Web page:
To me like many others, the sudden death of Robin Williams has been hard to understand. How did no one know? Why would he take drastic measures to end his suffering? These are questions that no one can answer. The outpouring of love for him has been incredible but the amount of hate, accusations and name calling have been appalling. Nothing struck a nerve more than reading Matt Walsh’s blog post “Robin Williams didn’t die from a disease, he died from his choice.”
I don’t even want to give his site the traffic honestly, but since I will be quoting it, I have to give it the due credit. Reading this post made me physically sick to my stomach. As someone who has suffered from depression a long time ago, it is incredibly insulting. It is not a topic I really wanted to speak about but I feel like I needed to after seeing all of this. Here is my open letter to Matt.
NOTE ***In NO way am I implying that suicide is ever the answer. Please seek help if you are suffering from depression, no matter how “bad” you think it is. 1-800-273-8255 is a number you can call if you are contemplating suicide***
Today I came across your blog post on the death of Robin Williams. I thought at first, you must be some sort of Medical Doctor…this is not the case. Your bio states that you are a father, blogger, radio personality, and self described “truth sayer” which I find to be downright gut wrenching. My hands are shaking as I even write this post.
You state in your blog that you have dealt with depression. I find this hard to believe as it seems you lack any sort of empathy or the stronghold that this DISEASE can take on a person.
I’m not quite sure what to make of your “spiritual and clinical” connection with depression so I’m not going to even address that except to say that mental illness effects those from all walks of faith, race, socio-economic status and age. I will concentrate on your two points that you wanted to gain consensus on.
Your first “point”:
“First, suicide does not claim anyone against their will. No matter how depressed you are, you never have to make that choice. That choice. Whether you call depression a disease or not, please don’t make the mistake of saying that someone who commits suicide “died from depression.” No, he died from his choice. He died by his own hand. Depression will not appear on the autopsy report, because it can’t kill you on its own. It needs you to pull the trigger, take the pills, or hang the rope. To act like death by suicide is exactly analogous to death by malaria or heart failure is to steal hope from the suicidal person. We think we are comforting him, but in fact we are convincing him that he is powerless. We are giving him a way out, an excuse. Sometimes that’s all he needs — the last straw.” – Matt Walsh
True, he did die “by his own hand” but who is to say that his mind didn’t control his hands at that desperate point in his final moments on this earth.
If you have suffered from depression, I wonder if you have ever been prescribed anti-depressants. I will tell you some truth – one of the most warned about side effects of almost every anti-depressant is the known increase that it can have on suicidal thoughts and tendencies. All pills come with tons of warning labels on this rare, but true possibility. With this said, the very disease that he suffered from very well could have caused his death and been a side effect of the medication he was on.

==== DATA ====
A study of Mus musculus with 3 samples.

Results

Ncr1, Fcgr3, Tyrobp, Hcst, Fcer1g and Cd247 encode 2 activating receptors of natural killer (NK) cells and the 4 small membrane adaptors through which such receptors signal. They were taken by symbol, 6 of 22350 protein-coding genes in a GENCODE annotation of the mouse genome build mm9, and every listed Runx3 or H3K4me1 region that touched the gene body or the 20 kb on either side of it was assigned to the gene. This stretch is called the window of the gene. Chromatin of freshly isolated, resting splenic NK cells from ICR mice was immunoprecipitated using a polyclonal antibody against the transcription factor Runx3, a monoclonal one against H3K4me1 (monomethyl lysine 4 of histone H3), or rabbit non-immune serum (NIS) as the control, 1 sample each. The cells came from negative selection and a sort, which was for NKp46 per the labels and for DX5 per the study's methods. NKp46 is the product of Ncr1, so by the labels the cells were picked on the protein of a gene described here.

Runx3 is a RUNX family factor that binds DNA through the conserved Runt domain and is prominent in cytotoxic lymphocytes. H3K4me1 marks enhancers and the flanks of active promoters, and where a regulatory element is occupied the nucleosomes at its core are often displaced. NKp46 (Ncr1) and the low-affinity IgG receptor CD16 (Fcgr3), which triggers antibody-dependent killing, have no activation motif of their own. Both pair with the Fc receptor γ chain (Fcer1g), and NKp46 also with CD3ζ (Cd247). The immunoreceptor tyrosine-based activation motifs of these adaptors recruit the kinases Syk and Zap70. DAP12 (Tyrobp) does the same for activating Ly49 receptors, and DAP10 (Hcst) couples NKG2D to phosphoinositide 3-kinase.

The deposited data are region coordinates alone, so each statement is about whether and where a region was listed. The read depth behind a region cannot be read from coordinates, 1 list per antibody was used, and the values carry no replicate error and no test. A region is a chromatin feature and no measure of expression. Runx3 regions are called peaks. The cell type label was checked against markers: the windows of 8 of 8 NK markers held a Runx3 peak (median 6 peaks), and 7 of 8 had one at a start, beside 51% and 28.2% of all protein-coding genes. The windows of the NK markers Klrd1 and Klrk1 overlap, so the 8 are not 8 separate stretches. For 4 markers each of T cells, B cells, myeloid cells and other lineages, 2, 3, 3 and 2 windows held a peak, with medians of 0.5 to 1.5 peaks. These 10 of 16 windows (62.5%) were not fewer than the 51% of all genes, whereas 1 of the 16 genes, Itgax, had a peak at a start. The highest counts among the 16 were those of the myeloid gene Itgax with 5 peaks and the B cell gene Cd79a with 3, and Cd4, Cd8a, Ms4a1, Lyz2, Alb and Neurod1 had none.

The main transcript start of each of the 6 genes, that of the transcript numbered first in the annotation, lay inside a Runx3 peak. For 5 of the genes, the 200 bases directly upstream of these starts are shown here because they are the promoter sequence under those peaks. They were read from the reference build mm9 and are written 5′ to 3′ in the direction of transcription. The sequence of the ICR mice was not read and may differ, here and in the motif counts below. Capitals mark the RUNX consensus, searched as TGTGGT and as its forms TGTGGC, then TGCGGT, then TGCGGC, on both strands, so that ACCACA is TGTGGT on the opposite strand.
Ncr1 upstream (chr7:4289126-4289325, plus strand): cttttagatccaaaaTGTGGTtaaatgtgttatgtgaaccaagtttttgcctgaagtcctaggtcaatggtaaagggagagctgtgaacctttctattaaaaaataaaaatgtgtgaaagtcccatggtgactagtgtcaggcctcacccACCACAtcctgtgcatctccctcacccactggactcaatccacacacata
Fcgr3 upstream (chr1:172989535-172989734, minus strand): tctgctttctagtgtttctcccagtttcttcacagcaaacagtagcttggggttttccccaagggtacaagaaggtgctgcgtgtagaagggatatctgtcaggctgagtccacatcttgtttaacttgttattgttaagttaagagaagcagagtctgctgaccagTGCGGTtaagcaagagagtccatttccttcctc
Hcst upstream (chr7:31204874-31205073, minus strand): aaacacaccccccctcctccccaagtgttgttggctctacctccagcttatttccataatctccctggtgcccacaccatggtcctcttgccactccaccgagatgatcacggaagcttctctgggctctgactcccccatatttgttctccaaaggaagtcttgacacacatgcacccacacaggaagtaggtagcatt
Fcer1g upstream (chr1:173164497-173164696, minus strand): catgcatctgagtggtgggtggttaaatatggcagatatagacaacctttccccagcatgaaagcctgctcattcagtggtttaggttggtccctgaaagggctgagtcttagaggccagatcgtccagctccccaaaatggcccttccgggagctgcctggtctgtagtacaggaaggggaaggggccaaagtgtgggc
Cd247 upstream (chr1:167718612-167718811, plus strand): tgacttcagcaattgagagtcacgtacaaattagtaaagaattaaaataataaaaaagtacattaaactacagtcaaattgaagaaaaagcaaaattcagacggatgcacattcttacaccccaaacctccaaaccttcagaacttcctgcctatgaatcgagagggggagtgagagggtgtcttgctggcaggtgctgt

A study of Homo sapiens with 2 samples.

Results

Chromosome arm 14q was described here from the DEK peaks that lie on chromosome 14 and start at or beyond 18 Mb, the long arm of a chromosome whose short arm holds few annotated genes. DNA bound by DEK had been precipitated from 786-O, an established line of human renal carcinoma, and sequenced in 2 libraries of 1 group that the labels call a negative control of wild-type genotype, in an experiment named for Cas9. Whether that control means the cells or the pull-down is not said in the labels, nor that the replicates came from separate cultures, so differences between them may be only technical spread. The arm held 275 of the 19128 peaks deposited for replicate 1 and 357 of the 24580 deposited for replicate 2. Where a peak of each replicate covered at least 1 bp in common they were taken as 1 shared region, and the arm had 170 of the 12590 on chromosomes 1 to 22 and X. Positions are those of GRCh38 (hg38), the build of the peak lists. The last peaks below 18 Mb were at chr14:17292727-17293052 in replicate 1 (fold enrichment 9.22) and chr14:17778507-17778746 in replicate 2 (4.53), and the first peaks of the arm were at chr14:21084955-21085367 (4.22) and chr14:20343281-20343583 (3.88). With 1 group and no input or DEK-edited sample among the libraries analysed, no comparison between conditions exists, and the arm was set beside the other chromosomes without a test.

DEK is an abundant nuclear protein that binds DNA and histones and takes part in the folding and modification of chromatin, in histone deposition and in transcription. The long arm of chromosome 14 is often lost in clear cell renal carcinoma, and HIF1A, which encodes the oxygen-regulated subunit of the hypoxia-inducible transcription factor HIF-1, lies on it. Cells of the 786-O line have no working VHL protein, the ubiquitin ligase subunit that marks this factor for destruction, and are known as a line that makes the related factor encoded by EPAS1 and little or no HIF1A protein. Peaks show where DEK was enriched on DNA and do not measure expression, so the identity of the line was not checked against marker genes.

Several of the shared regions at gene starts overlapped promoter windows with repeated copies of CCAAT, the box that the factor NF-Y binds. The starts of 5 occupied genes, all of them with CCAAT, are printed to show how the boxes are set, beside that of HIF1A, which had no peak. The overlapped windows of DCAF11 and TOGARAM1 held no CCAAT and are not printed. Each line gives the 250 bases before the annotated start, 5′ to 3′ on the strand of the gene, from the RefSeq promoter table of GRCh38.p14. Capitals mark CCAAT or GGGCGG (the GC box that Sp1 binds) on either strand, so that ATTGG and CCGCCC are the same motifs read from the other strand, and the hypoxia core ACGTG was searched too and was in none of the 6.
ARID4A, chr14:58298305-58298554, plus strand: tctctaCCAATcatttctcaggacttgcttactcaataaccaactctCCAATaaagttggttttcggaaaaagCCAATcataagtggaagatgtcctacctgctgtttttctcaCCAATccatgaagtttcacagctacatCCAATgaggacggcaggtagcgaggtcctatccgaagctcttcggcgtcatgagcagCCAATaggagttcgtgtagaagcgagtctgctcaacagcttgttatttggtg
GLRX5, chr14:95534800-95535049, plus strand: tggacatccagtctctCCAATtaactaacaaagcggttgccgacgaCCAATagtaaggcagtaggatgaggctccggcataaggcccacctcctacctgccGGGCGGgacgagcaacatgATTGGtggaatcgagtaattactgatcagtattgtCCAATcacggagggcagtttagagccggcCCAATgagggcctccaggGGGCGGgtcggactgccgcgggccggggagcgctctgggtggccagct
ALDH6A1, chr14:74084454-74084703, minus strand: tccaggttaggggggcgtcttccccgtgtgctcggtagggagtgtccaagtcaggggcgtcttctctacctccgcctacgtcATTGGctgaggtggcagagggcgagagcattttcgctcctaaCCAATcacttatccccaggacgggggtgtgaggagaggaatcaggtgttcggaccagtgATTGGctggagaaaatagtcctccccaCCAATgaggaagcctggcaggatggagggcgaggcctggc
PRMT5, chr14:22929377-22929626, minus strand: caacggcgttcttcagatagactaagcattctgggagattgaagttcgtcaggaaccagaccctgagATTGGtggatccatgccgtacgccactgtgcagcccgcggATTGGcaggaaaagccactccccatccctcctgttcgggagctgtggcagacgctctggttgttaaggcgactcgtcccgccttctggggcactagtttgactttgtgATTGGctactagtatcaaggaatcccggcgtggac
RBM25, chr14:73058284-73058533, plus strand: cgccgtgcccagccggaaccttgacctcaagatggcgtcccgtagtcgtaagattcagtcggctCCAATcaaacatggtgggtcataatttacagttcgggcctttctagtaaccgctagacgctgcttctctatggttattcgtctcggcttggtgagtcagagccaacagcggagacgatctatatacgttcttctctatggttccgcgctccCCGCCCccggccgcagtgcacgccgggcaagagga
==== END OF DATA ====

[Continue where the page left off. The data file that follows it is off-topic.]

I am in no way condoning suicide, but I know that the grasp of the disease is very real from my own experience. At one time, I also struggled with this disease. Thankfully, I did not have these horrifying side effects and have been well for many years. Many people, however, do not get help. They often do not think anything will work, do not want to talk about it, or think that it will go away on it’s own. Sometimes the help comes too late.
Your second “point”:
“Second, we can debate medication dosages and psychotherapy treatments, but, in the end, joy is the only thing that defeats depression. No depressed person in the history of the world has ever been in the depths of despair and at the heights of joy at the same time. The two cannot coexist. Joy is light, depression is darkness. When we are depressed, we have trouble seeing joy, or feeling it, or feeling worthy of it. I know that in my worst times, at my lowest points, it’s not that I don’t see the joy in creation, it’s just that I think myself too awful and sinful a man to share in it.” – Matt Walsh
I have a lot of trouble with this one. I believe firsthand that my depression was cured due to medication and psychotherapy. After months of trying to deal with it on my own and finally seeking professional help, I found all the answers. The answer wasn’t looking for “joy” – in fact, I had plenty to be joyous and thankful for during that time. The two very well can coexist and are not mutually exclusive. Depression does not necessarily ruin 24 hours of each day. There are definitely happy and joyous moments that can be felt during this state. That’s not to say that a majority of some days may be darker than others, but there is no clinical findings that state that this is a twenty four hour deal seven days a week and a person cannot have bouts of happiness.
I am in no way saying that I agree with suicide by these statements. I am simply saying my truth from personal experience. I think that the name calling and judgement of suicide and people with this disease is downright appalling and I hope that his death can create a larger awareness to this disease if nothing else. This disease should not be downplayed or taken lightly – it is real and the side effects of the disease are very real. Robin Williams death proves that no matter how much you think someone has it together or has everything that you never know what inner demons someone can be struggling with.
I hope that you can find in your heart a small dose of empathy. Just remember – only God can judge.